The Energy Blog Jersey: a low carbon island

Over the past 20 years Jersey has proven itself to be a leader in cutting carbon emissions, but the Island still has some way to go to meet its long-term goal.

The rise in man-made carbon emissions is viewed by many as one of the greatest environmental threats the world has ever seen. Although Jersey's overall contribution is small on the global scale, climate change is everyone's business. That's why the Island's Energy Plan 'Pathway 2050' set a target of reducing greenhouse gas pollution by 80% from 1990 levels by the year 2050.

Although this deadline remains more than 30 years away, work to reduce carbon emissions has been ongoing for the past two decades, and our success so far has put Jersey among the world's leading jurisdictions for greenhouse gas reduction.

Well past the peak

The Island's greenhouse gas emissions peaked in 1998 at 747.3 kt CO2e (kilotons of carbon dioxide equivalent), and have declined since then by just over 50% to reach a 2015 level of 359.8 kt CO2e (see chart below). On a per capita basis, this puts Jersey ahead of Guernsey, the UK, the Isle of Man, the Cayman Islands and many more.

Bargraphs _per Capita Emissions

Bargraphs _kilotonnes Of Carbon Dioxide


Low carbon strategy

The principal cause of this reduction in greenhouse gas emissions was the strategic decision taken by Jersey Electricity to switch from on-Island electricity generation using fossil fuels, to imported low carbon power from nuclear facilities - and more recently hydro- electric sources - in France.

Jersey Electricity began importing power from France in 1985 but it was the installation of the Normandie 2 interconnector to France in 2000, followed by Normandie 3 in 2014, that saw energy supply emissions fall from a peak of 324.5 kt CO2e in 1992 to a low of 25.1 ktCO2e in 2015. The addition of the Normandie 1 cable in 2016, which today gives the Island three live links to France across two diverse routes for security, is expected to further reduce this figure.

Today, the biggest single contributor to the Island's greenhouse gas emissions is transport, which at 162.1 kt CO2e is greater than the next two most polluting social sectors combined (business and residential use).

Low carbon guarantees

It is often thought that Jersey's imported electricity is derived solely from nuclear sources. The reality of the long-term supply agreement that Jersey Electricity has negotiated with EDF until 2027 is that 35% of the Island's electricity is supplied by hydro-electric power plants (see chart below). This two-thirds / one-third mix is designed to keep energy prices affordable whilst ensuring a significant portion of the Island's energy is derived from renewable sources.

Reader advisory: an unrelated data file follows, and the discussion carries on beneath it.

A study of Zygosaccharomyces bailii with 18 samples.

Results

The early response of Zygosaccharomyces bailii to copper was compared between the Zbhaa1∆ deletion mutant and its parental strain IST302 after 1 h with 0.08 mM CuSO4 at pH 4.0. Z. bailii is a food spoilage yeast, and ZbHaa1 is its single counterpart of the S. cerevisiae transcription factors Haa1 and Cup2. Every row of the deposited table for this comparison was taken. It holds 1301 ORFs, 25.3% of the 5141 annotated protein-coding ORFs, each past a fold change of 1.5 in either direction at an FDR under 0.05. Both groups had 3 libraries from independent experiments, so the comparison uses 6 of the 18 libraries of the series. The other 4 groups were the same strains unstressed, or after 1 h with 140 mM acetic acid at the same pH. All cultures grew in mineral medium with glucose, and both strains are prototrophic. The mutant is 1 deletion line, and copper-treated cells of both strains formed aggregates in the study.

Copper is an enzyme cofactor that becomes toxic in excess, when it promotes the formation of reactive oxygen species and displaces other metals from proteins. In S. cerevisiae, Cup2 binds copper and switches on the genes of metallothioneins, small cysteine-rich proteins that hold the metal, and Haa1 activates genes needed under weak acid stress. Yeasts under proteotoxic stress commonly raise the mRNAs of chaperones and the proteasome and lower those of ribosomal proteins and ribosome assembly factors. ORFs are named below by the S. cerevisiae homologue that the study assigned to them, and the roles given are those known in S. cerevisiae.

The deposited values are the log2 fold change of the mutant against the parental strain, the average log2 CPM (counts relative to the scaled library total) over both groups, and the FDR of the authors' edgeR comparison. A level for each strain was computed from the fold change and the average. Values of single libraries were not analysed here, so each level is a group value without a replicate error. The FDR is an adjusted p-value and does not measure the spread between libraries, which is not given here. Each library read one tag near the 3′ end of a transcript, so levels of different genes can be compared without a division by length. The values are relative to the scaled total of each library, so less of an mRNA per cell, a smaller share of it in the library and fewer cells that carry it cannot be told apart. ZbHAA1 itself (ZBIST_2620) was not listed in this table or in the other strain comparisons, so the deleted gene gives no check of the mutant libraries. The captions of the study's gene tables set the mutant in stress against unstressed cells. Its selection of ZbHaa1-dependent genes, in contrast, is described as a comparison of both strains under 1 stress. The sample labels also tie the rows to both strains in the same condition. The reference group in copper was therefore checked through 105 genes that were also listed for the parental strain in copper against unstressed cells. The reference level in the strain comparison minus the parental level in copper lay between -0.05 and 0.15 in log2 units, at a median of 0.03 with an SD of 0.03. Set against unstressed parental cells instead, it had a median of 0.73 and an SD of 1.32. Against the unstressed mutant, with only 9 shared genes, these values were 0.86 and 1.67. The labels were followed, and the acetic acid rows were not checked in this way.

EDF-hydro -plant -map

Source: EDF

The remaining 65% of the 616GWh of electricity that we imported in 2016/17 came from nuclear. By committing to using only certified low carbon sources for our imports, we've been able to virtually decarbonise Jersey's electricity system. The carbon intensity of distributed power for 2018/19 was 24g CO2e/kWh - one tenth the carbon intensity of the UK grid.

Focusing on new targets

The Island has adopted a carbon emissions reduction target of 80% of 1990 levels by the year 2050. To date, taking all energy use into account, we've managed to achieve around 40% of this goal, principally because of Jersey Electricity's move to low carbon imported power.

To reach our goal, the focus must move to transport, domestic heating and business. Energy efficiency improvements have led to emissions reductions here too. But as long as fossil fuels remain the predominant means of powering motor vehicles, it could be difficult for Jersey to meet its Energy Plan targets.

Electric transportation

Jersey Electricity is again playing a lead role, championing the use of electric vehicles by installing electric charging bays in public car parks and helping local businesses realise the financial and environmental benefits of decarbonising their transport.

Energy efficiency and renewable heating

We also actively promote energy efficiency in homes and businesses, providing advice that helps Island companies operate more efficiently and households stay warmer using less energy and renewable heating systems such as heat pumps. By giving people the information they need to make informed decisions about their energy use, we're helping the Island move towards a truly low carbon future.

There's a lot to be proud of in the progress Jersey has made so far in its journey to meet the 80% emissions reduction target. The road ahead is a long one, however, and Jersey Electricity will continue to play a leading role in helping the Island reach its goal.